Darfur votes for five-state status quo: referendum chief
Sudanese election staff count ballot papers at a polling station in North Darfur's state capital El-Fasher on April 14, 2016 a day after the polls closed across Darfur at the end of the three-day referendum to decide whether to unite Darfur's five states into a single, autonomous region. There are more than 2.5 million people displaced by the conflict living in the region and 300,000 people have been killed in the conflict, according to the United Nations. (ASHRAF SHAZLY / AFP)
(AFP) - Sudan said on Saturday almost 98 percent of Darfur voters favoured maintaining the war-torn region as five states in a referendum that faced international criticism and an opposition boycott.
The referendum on whether to unite Darfur into a single autonomous region was held over three days between April 11 and 13.
Darfur referendum commission chief Omar Ali Jamaa announced at a press conference that of those who took part, "97.72 percent voted for five states".
"Of 3,535,281 registered voters, 3,207,596 cast their votes" in a referendum that was monitored by international observers including the Arab League and the African Union, he said.
A united Darfur with greater autonomy has long been a demand of ethnic minority insurgents battling the Khartoum government of President Omar al-Bashir since 2003, but they boycotted the vote, calling it unfair.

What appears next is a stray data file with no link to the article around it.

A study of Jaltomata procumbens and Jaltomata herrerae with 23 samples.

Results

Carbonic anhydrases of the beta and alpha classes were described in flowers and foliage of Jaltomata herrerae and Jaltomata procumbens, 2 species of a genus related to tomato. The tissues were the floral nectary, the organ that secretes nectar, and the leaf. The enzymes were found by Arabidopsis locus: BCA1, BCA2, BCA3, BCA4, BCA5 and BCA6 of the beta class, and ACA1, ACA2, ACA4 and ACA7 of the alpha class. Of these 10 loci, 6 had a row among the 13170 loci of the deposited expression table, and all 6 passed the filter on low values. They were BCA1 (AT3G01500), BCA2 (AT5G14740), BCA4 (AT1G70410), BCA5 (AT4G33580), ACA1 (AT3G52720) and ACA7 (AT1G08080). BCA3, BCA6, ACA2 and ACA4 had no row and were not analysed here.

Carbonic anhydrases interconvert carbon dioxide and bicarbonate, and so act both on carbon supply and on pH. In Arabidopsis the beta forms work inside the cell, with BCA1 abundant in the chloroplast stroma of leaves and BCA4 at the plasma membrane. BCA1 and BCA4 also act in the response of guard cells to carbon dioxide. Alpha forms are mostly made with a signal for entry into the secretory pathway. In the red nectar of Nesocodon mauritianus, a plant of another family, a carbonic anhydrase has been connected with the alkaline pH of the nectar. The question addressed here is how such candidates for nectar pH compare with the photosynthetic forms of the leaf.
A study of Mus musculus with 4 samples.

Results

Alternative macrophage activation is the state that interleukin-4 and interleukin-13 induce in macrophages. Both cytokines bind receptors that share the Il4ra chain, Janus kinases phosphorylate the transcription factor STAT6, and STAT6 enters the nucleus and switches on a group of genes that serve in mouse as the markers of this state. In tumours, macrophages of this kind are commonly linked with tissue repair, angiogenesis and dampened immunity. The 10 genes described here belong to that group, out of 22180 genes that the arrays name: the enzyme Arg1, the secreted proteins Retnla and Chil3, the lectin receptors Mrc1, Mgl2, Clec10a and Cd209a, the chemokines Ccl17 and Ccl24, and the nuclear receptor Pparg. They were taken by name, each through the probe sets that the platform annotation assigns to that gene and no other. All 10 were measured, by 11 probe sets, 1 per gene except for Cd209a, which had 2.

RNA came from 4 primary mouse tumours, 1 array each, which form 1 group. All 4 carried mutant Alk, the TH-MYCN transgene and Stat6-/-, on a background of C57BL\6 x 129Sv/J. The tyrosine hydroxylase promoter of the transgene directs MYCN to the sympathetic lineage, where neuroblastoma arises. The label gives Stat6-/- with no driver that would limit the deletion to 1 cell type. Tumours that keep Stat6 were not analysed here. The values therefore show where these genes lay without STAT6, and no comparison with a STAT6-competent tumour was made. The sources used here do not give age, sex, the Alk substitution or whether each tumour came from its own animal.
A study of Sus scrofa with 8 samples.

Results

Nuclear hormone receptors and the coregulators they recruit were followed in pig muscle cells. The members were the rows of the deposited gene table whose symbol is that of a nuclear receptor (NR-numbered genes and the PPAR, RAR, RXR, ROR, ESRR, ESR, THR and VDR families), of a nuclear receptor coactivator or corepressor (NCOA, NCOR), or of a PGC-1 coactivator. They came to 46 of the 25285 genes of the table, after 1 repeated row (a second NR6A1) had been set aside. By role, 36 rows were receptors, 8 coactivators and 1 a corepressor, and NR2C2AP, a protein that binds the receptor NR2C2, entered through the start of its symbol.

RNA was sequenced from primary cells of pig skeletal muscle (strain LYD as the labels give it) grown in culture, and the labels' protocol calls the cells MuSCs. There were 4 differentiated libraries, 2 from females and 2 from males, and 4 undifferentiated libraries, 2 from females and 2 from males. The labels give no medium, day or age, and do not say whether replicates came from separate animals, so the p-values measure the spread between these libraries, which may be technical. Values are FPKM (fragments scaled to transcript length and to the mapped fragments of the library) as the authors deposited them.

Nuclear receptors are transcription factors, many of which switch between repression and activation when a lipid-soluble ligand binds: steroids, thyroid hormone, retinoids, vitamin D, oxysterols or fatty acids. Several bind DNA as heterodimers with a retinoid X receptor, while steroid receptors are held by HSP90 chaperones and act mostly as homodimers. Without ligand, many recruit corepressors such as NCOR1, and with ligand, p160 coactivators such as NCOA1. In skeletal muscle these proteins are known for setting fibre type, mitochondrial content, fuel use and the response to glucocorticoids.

Washington had also voiced concern, warning that the referendum "held under current rules and conditions... cannot be considered a credible expression of the will of the people".
Rebel groups had questioned how displaced would vote, and residents of three camps for internally displaced people in central Darfur also protested against it.
"We don't acknowledge the result of this referendum," Mohamed Abdelrahman, spokesman for the Sudan Liberation Army, told AFP from Uganda by phone.
"It does not express the opinion of Darfur people as those who have been displaced and are living in camps and other parts of Sudan boycotted it."
Bashir, whose ruling National Congress Party supports the five-state system, had insisted the ballot take place as stipulated in a 2011 peace agreement signed with some rebel groups.
Darfur was a single region until 1994 when the government split it into three states, and later added another two in 2012, claiming it would make local government more efficient.
Clashes between troops and the Sudan Liberation Army led by Abdulwahid Nur in the Jebel Marra mountain range in the heart of Darfur have forced at least 100,000 people from their homes since mid-January, the United Nations says.
Ethnic minority rebels in Darfur mounted an insurgency against Khartoum's Arab-dominated government of Bashir -- who is wanted for alleged war crimes in the conflict -- complaining of marginalisation.
More than 2.5 million people displaced by the conflict live in the vast region of western Sudan and 300,000 have been killed in the conflict, according to UN figures.